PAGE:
When you think about the summer time, going to farms and farmers markets for fresh fruits and vegetables is a part of life in the United States. Many children are not familiar with all of the different options that exist because of the limited availability in grocery stores. Take some time before this lesson to ask children and families what their favorite fruits and vegetables are. Inquire if there are special ones that they search for because of their cultural ties.
Name that Fruit with Toys and Books
Introducing fruits and vegetables and the vocabulary associated with it can be fun and exciting if you use hands on learning. Ask around to see other people have plastic or wooden food. A lot of companies are producing amazing varieties of felt fruits and vegetables as well if you look around. Introduce the foods that you find with the objects that the children can feel. Share what they would be called in the other language they speak at home. In addition to this, head to the library to find books that are focused on this topic. Some examples are:
- The Very Hungry Caterpillar by Eric Carle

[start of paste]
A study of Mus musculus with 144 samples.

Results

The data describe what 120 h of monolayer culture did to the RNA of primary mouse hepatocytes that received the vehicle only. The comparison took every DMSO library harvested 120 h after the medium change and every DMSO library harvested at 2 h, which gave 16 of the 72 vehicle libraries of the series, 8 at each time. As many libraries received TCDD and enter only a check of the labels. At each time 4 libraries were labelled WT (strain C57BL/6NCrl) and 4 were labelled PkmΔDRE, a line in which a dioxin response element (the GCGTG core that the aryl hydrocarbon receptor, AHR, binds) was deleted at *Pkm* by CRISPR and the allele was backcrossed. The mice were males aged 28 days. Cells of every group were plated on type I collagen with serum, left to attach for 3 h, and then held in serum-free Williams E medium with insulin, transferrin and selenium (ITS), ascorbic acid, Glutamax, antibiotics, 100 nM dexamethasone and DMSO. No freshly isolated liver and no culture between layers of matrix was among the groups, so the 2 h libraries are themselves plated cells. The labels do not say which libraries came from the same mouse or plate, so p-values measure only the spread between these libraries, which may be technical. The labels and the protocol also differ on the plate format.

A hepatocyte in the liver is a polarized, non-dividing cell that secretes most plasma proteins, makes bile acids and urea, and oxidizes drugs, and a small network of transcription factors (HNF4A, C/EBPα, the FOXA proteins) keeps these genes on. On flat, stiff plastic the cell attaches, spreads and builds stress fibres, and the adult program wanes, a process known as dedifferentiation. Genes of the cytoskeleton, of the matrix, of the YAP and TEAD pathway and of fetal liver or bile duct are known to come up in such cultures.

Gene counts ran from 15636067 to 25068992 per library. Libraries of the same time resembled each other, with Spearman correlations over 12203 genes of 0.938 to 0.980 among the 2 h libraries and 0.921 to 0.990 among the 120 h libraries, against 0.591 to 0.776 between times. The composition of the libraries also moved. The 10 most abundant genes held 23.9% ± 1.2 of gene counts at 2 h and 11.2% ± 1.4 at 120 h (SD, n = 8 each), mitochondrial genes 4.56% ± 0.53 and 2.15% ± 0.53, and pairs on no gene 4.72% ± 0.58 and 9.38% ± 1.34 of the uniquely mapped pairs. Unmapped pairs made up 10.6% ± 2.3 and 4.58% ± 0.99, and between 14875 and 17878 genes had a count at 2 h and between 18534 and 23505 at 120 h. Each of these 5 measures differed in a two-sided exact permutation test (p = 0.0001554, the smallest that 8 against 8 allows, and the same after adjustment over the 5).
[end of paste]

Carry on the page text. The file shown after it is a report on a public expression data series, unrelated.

- The Vegetables We Eat by Gail Gibbons
- Eating a Rainbow by Lois Ehlert
- Eating the Alphabet by Lois Ehlert
Think about making flashcards with the fruits and vegetables on them to play a memory game for everyone to practice saying the items when they make a match.
Making Fruit and Veggie Faces
Artist Guiseppe Arcimboldo is the inspiration for the next idea. Share some of his drawings with them and let them know that they will be using fruits and vegetables that they learned about to draw their own face. Depending on the age level, you could have children draw all of the items within a face outline, or provide pictures of fruits and vegetables to cut and paste within. Do Art! has a wonderful example of a project on their blog that could be used. For younger children, consider using the iPad app called Cute Food. The app has a large selection of fruits and vegetables that they can use to create items on a plate. You can instruct them to make their face using the fruit and vegetable pieces within.
To tie in with speech and language, encourage them to model what they are creating. Ask them questions and have them talk about the sequencing of their project. Encourage them to use descriptions of the fruits and vegetables within their artwork.
Colorful and Edible Learning
Assuming there are no food allergies, making fruit rainbows is a fun activity that can be done at the end of the lessons. Buy skewers that will fit six pieces of fruit on them. You can select your own fruits for the rainbow, but the following are great and easy to purchase: red grapes (they look purple), blueberries, green grapes, pineapple, cantaloupe, and strawberries. Allow the kids to make their own rainbows. Chat through the steps and have them make a second one while talking through the process in front of everyone.